4. If your total cholesterol is 240 mg/dL and above, regardless of your HDL-cholesterol level:
You will need a lipoprotein profile to find out your LDL-cholesterol level. You need to fast for 9 to 12 hours before the test, having nothing but water.
Depending on the results of your total cholesterol and HDL-cholesterol tests, you may also need to have a second blood test called a lipoprotein profile, to determine your LDL-cholesterol. LDL-cholesterol is often called the “bad” cholesterol. For this type of test, your doctor will ask you to fast for 9 to 12 hours before the test. An LDL-cholesterol level test gives your doctor more information about your risk of heart disease and helps guide any necessary treatment.
There are three categories for LDL-cholesterol.
▪ A desirable level is less than 130 mg/dL
▪ A borderline-high risk level is from 130 to 158 mg/dL
▪ High risk is 160 mg/dL and above.
The following guidelines apply to LDL levels for people who do not have heart disease.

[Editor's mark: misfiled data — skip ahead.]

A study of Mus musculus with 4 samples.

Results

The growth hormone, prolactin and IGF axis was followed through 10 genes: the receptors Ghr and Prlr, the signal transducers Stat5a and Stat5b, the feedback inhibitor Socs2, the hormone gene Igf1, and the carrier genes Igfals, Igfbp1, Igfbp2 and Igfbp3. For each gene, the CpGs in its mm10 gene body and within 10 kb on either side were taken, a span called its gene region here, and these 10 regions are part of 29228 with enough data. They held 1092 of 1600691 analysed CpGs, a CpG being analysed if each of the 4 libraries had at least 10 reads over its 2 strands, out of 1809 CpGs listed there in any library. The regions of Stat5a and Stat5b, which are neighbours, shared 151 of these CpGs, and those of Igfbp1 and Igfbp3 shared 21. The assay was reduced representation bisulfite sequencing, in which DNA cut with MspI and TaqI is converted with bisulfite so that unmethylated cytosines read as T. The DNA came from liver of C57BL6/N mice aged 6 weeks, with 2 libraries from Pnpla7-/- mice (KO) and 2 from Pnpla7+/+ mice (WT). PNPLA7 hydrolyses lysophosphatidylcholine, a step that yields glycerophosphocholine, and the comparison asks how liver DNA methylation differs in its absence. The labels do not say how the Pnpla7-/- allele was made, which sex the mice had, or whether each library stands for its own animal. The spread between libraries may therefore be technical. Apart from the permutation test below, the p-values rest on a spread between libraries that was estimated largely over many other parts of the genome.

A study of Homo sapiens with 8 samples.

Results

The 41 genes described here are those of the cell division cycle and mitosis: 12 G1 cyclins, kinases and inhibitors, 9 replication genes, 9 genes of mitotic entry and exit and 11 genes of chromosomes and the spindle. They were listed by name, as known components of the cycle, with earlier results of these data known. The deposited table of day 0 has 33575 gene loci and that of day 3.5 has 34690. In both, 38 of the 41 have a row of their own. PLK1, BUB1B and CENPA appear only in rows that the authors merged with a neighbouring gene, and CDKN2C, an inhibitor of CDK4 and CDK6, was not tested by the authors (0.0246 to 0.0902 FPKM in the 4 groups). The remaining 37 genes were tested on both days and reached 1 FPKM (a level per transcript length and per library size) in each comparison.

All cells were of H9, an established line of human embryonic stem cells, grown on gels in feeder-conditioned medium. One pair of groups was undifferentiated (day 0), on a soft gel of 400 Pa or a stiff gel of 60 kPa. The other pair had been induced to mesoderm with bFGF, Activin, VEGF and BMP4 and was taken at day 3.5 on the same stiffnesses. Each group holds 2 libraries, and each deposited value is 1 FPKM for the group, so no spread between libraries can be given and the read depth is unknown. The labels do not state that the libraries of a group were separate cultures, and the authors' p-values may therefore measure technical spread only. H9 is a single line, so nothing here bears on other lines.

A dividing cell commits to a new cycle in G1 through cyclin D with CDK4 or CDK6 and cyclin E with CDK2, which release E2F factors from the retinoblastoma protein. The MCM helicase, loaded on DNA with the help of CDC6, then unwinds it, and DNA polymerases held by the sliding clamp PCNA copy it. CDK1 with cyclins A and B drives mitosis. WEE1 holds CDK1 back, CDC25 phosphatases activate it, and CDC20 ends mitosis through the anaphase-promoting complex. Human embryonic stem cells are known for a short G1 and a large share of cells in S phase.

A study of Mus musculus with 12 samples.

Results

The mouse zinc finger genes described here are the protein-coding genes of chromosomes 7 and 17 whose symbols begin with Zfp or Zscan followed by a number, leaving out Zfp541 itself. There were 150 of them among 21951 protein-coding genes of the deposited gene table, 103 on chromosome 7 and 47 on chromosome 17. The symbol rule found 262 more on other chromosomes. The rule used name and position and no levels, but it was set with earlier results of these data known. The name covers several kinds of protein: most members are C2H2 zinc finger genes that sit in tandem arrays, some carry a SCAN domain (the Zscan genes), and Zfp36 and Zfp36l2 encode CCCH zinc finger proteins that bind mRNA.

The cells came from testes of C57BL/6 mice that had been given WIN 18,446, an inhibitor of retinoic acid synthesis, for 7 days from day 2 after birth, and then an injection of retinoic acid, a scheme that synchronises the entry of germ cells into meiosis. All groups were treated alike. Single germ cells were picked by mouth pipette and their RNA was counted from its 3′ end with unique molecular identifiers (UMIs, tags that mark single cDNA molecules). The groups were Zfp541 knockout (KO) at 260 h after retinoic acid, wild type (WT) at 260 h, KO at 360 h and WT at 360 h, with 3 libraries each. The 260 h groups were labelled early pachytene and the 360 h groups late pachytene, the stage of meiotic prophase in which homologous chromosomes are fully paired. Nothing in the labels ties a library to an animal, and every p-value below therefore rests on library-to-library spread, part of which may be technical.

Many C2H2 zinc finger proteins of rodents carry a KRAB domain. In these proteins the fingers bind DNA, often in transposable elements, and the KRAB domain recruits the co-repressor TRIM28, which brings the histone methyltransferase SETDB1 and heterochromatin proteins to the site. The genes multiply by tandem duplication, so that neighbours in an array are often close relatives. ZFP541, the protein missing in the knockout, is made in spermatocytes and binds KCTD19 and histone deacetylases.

If your LDL level is less than 130 mg/dL:
You have a desirable LDL-cholesterol level. You will need to have your total and HDL cholesterol levels tested again in 5 years. You should follow an eating plan low in saturated fat and cholesterol, maintain a healthy weight, be physically active, and not smoke.
If your LDL level is 130 mg/dL or above:
Your doctor will look at your other heart disease risk factors and decide what you need to do to lower your LDL-cholesterol level. The higher your level and the more risk factors you have, the more you need to follow a diet low in saturated fat and cholesterol. For example, if your LDL is 160 mg/dL or greater and you have fewer than two other risk factors, your LDL goal is a level below 160 mg/dL. If your LDL is 130 mg/dL or greater and you have two or more risk factors, your goal is to reduce your LDL level to below 130 mg/dL.
It is also important to lose weight if you are overweight, to be physically active, and to not smoke. Discuss your treatment plan with your doctor.